I’m not talking about endorsements for attractive athletes. While I am expecting my agent to call me any minute now with some juicy endorsement offers (in case you didn’t know Saturday I Swam Under the Bridge 2.4 miles in open water along with 524 other fanatics.)…so far there are no offers. It could happen, though. But this is about what got me swimming in the first place. And why you should be swimming, or running, or involved in some sort of sport on a semi-serious basis. Today.
My parents signed me up for my first swim team when I was six and living in the Atlanta ‘burbs. I enjoyed it, swam well, but I was never an exceptionally fast swimmer (i.e. not high school team member, much less college scholarship material.) After swimming on many summer teams, I quit around age 16.
The next time I found myself swimming laps with a coach was in November, 2005, right after the initial break-up of my marriage. Swimming in that masterclass in Caracas was gloriouslty therapeutic; often we swam under the stars or in misty rain. It was a curious mix of teenaged boys training for their polo team and middle-aged women. I don’t have to tell you which group swam more and faster.
Fast forward to now, I’ve been swimming ever since then but I increased the number of lengths from 70 to 100+ when the stock market crashed. I had learned the value of physical exertion for processing negative emotions. It’s far more fun and costs less $$ than seeing a psychotherapist (not that therapists can’t help you.)
Here’s why you should be moving your body in a serious way. (Hint: not to lose weight.)
The discipline of practicing a sport always makes you faster/stronger and better at that sport. Getting involved in an amateur event helps you stick to it through the excruciatingly boringness of practice. The event helps you structure and organize your exercise program and it’s so much fun to go through the event rituals.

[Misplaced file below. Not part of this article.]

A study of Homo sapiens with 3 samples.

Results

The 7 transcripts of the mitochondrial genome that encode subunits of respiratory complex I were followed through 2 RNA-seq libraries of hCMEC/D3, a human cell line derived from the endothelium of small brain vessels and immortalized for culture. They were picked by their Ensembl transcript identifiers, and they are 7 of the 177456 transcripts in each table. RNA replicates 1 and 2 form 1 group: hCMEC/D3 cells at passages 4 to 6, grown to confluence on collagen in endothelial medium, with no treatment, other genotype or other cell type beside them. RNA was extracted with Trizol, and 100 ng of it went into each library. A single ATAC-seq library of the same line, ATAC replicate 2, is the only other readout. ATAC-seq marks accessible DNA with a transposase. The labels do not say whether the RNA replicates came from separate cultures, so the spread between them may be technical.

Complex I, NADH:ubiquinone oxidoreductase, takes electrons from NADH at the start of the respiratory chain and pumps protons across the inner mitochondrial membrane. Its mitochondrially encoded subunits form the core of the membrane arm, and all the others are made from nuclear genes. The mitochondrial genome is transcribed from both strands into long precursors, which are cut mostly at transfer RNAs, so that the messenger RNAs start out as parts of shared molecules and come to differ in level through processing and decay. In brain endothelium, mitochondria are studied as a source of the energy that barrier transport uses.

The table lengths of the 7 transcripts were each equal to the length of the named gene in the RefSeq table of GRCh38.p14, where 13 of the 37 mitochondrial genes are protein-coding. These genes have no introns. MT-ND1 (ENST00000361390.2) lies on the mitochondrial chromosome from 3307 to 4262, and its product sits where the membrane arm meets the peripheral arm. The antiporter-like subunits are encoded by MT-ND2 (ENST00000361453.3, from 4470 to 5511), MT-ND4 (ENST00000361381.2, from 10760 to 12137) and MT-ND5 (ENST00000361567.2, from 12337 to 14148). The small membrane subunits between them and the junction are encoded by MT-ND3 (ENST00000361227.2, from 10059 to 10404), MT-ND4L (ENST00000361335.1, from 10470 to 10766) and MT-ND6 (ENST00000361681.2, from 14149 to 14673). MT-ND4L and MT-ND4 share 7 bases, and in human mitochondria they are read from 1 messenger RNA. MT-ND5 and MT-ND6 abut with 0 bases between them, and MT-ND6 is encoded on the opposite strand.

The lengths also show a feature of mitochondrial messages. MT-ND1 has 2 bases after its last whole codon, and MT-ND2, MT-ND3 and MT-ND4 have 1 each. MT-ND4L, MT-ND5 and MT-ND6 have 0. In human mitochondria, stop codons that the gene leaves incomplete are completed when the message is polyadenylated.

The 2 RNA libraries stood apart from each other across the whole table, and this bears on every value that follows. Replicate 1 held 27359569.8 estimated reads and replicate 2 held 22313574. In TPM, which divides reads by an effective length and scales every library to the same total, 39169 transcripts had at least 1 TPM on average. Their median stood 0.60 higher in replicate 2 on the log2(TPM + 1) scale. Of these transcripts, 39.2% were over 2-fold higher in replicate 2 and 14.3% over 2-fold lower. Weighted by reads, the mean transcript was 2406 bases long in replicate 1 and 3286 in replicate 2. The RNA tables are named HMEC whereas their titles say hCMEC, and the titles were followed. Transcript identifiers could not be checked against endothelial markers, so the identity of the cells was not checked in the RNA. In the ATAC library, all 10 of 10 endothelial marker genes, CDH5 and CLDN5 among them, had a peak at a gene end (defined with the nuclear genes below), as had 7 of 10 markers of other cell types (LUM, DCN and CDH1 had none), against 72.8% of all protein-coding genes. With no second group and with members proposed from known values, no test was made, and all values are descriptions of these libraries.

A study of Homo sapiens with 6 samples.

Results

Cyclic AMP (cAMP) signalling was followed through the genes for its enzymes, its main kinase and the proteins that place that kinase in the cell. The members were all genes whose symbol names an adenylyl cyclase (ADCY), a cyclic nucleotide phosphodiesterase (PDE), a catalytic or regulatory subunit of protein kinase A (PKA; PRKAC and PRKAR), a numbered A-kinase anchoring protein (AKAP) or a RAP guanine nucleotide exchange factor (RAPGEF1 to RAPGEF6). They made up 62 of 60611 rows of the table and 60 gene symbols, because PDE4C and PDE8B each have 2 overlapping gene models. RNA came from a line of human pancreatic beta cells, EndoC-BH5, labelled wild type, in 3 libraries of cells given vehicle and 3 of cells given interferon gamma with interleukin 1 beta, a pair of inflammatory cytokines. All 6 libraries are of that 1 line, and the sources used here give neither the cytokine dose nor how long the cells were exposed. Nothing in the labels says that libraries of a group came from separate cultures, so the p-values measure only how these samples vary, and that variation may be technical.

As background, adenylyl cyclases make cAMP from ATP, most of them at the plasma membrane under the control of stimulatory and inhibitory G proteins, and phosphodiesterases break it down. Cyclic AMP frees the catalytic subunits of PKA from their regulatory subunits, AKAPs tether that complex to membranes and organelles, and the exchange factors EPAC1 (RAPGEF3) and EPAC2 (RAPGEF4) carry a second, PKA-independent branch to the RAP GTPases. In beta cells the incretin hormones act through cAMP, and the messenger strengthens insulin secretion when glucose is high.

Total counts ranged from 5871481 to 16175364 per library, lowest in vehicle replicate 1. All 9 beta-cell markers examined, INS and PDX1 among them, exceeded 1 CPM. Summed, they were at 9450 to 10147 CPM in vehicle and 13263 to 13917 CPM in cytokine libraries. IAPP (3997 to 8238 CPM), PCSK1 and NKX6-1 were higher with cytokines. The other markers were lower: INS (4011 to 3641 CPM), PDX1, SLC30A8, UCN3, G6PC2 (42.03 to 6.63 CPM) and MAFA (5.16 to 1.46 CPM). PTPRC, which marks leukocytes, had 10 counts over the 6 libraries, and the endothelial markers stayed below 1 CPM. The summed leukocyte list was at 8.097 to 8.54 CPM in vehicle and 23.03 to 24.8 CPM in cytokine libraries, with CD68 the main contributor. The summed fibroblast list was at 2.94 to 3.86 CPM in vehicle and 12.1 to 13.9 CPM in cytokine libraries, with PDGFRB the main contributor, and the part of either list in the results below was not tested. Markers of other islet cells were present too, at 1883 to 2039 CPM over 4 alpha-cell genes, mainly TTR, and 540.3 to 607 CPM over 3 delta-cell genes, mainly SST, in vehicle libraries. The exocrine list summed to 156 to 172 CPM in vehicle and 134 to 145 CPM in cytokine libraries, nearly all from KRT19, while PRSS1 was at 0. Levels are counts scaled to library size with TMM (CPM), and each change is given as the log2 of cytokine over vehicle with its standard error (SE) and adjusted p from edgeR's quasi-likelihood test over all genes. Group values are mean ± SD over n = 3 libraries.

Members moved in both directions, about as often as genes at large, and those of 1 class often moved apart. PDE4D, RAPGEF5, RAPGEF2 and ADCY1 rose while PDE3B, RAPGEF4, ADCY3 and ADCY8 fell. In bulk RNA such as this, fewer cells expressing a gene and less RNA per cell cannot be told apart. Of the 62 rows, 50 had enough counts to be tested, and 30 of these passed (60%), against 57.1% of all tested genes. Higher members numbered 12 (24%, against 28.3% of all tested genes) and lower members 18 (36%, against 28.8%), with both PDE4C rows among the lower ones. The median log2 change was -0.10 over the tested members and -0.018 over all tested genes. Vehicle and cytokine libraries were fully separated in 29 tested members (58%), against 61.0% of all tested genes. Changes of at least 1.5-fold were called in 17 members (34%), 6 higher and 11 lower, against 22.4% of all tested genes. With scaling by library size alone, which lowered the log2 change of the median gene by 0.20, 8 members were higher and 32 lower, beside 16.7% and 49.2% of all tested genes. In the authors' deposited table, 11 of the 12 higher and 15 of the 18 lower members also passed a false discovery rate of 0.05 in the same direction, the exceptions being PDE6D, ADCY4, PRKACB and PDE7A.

Did you know that distance swimmers put Vaseline under their arms and between their legs to protect against so much friction? Me neither. Nor did I know that Nike makes special swim suits for distance swimming. They’re called "endurance swim suits." Plus I got my number written on my arm in big numbers, in case I passed out someone would know how to identify me.
There’s really a link between making money and participating in amateur sports.
As you know from setting goals, some come rather easily to you while others elude you over and over again. It seems you’re caught between either giving up or feeling a tremendous frustration for failing repeatedly.
While failure is an integral element of success, the discipline of participaing in a sport will have a positive ripple effect in all other areas of your life.
Plus you get to eat more!!!!!!!!
Playing a sport makes you a more engaging speaker, a more attractive leader, a more energetic person to hang out with. Your energy is the single most powerful resource you have!
That’s superstar photographer Nancy Dowdall in the picture with me. We had so much fun that day!
Swimming really can make you money. I know it’s helped fuel the growth of Mixonian Institute. What sport do you practice? Share by commenting below!